Netflix rolling out password sharing protections in U.S., U.K.


The streamer is sending emails that appear to be targeted to subscribers whose accounts have been accessed from multiple locations.

The email gives instructions on how to identify who’s using a particular Netflix account and notes that subscribers with non-ad-supported plans can add more households for $7.99 a month, a feature it calls an “extra member” or “extra home.”

This feature is not available on accounts billed by third parties or on ad-supported plans. Standard members can add up to two extra members, while premium plan subscribers get up to three.

This approach creates separate accounts for these extra members, each with their own username, password, profile and viewing history, but the primary account holder is ultimately billed for each one. There is no option to “split” billing.

While the extra $7.99 a month does represent an additional cost, it still does offer a slight advantage over buying two completely separate accounts. Ad-free Netflix starts at $15.49 a month while ad-supported plans cost $9.99.

In additional supporting pages, Netflix defines a “household” as “… a collection of the devices connected to the internet at the main place you watch Netflix.”

Netflix says it uses a mix of IP addresses, device IDs and account activity to determine whether a device is part of a household or not. It says it does not use GPS tracking to make this determination or attempt to determine a physical location of each device.

The lack of GPS tracking could be a way of both reducing privacy concerns and also making an allotment for devices used out of the house, such as streaming via mobile devices from vehicles or when out and about, perhaps with the provision that those devices have been connected to the primary network at some point.

Additional information, however, indicates that changing wifi networks or other connectivity settings could cause a device to be flagged as out of a household inadvertently and the company encourages users to stick with the same wifi networks when possible.

Under the new system, devices that are believed to be new or outside of the household will trigger a secondary authentication step that requires entering the correct confirmation code within a set time period.

While the second step would add a layer of complication and require the cooperation of the primary account holder, it notably does not necessarily prevent people from two different households sharing an account. It would, in theory, largely eliminate sharing between ex-friends and partners given that it would require the main account holder to provide the code with whoever is trying to log in.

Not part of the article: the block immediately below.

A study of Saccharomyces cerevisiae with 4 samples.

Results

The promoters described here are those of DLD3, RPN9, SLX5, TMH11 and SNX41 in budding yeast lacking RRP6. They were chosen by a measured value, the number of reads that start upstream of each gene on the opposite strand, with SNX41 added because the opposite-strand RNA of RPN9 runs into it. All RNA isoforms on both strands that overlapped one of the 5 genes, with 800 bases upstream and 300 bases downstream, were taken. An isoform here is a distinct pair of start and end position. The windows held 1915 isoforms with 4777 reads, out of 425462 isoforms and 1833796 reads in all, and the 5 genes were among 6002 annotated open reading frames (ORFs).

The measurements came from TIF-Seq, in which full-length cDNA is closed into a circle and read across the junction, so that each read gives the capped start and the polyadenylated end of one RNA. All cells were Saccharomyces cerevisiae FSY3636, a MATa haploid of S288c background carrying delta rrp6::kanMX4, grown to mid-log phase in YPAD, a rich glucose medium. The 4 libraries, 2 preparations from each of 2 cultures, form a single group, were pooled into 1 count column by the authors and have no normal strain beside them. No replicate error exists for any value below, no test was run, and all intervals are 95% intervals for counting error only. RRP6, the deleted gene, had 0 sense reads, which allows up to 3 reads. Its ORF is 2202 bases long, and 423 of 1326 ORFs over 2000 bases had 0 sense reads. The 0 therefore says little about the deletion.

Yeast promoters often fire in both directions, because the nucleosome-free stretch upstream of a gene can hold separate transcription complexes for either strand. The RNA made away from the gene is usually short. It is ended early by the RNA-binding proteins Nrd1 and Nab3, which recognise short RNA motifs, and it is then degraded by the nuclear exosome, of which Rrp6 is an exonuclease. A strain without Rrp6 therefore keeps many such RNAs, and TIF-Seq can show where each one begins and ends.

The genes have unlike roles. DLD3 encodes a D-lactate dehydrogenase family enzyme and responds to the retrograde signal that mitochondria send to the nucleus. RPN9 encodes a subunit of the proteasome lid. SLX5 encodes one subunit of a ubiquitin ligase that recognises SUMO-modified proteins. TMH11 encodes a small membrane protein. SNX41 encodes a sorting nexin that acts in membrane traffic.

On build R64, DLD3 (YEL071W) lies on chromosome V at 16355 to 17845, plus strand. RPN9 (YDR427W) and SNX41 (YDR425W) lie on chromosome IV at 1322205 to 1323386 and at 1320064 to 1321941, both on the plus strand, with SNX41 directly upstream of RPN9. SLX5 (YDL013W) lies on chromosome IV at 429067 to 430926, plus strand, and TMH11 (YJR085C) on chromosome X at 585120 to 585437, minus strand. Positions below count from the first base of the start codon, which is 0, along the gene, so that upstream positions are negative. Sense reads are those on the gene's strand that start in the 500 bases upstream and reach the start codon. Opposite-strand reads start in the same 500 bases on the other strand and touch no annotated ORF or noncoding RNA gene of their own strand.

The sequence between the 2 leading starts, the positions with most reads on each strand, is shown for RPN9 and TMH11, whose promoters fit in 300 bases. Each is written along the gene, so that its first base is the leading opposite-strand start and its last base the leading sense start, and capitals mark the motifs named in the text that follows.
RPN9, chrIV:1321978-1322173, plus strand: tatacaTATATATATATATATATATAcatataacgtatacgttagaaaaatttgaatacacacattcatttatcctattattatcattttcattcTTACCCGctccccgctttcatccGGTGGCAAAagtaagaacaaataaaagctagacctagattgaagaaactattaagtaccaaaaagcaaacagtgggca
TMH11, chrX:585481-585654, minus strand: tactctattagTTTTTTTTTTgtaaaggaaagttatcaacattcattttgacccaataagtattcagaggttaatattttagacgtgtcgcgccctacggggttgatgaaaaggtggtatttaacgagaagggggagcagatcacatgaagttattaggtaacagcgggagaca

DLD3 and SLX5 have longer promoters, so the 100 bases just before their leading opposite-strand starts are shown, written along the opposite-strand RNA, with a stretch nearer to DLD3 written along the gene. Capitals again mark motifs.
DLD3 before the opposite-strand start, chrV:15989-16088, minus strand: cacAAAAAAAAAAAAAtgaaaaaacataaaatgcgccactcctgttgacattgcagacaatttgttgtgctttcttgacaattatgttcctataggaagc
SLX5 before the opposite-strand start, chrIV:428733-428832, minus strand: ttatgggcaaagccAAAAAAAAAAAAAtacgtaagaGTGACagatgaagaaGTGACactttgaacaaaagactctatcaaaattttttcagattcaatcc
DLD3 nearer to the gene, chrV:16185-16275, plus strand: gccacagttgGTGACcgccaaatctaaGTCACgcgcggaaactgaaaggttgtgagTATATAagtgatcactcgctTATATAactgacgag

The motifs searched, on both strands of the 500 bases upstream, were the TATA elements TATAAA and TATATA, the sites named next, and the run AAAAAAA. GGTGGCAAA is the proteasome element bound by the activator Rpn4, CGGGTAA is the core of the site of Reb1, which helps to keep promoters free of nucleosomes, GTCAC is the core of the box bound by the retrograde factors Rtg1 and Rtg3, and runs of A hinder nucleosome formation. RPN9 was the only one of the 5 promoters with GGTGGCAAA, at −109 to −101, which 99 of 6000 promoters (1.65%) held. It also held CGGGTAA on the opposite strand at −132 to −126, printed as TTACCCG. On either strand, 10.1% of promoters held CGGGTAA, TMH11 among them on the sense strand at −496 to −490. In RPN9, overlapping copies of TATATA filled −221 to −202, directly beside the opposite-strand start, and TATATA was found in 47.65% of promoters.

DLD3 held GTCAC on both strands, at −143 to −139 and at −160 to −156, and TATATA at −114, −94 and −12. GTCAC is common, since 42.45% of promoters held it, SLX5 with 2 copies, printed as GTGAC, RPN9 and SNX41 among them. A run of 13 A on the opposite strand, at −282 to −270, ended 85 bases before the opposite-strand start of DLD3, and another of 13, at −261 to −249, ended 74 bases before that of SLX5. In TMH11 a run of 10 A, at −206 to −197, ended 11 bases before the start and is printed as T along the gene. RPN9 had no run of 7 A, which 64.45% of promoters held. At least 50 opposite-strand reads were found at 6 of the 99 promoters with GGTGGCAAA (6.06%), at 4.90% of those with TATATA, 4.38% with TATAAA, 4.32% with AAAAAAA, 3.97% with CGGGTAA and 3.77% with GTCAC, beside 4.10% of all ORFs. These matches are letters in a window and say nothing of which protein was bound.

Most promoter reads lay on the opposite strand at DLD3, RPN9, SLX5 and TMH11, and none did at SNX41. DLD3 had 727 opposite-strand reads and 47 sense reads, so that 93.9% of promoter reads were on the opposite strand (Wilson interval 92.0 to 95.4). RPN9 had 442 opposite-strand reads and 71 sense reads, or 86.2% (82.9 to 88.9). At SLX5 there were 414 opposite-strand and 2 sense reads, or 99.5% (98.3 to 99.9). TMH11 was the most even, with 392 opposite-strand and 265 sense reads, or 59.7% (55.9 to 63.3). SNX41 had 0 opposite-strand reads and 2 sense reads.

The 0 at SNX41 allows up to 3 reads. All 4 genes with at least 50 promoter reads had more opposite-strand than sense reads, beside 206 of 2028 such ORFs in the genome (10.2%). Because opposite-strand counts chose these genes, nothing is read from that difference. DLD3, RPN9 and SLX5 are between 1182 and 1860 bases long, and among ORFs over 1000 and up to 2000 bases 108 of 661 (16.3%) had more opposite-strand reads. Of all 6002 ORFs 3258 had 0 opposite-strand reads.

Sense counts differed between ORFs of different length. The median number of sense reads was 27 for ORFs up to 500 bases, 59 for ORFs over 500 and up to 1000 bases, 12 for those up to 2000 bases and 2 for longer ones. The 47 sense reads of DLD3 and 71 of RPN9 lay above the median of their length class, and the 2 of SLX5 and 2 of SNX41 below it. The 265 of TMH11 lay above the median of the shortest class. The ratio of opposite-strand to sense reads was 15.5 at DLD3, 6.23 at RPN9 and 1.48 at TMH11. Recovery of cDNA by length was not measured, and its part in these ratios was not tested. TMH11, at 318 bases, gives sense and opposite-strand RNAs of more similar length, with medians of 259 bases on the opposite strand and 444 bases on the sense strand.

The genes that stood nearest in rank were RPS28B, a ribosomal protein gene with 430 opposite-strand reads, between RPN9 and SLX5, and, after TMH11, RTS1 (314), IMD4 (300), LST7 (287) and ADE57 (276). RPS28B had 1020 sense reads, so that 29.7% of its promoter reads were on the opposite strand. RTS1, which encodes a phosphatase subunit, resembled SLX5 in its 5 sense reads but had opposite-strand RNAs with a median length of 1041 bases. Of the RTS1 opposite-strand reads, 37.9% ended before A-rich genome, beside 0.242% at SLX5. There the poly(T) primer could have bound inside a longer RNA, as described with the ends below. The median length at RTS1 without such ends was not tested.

Netflix did not say what actions, if any, it will take against those accounts it believes to be circumventing the definition of “household.”

Netflix did acknowledge that it may see some cancellations, particularly when the rollout starts. It says it anticipates that the cancellations could be similar to when a price increase is rolled out.

Netflix has long acknowledge that users likely share passwords and started cracking down on the practice in recent years. It ran tests in select markets using a similar approach of giving users the option to add separate accounts for a small added fee.

It was originally slated to roll out this approach in the U.S. market earlier in 2023, but delayed it until May 2023.

While all streamers are aware of password sharing, Netflix has notably been the most aggressive in trying to cut down on the practice thus far.

Other streamers largely ignore the issue or remain quiet on it. Account sharing is typically is against the terms of service users agree to when signing up, but it’s rare to hear of a streamer taking actions against abusers except in extreme cases.

That said, it’s likely that other streamers are keeping a close eye on Netflix’s approach as the entire category is looking to boost profitability.

Like Netflix, most streaming services do limit the number of simultaneous streams that can be active at any one time on a single account, a limitation that could limit the practicability of account sharing.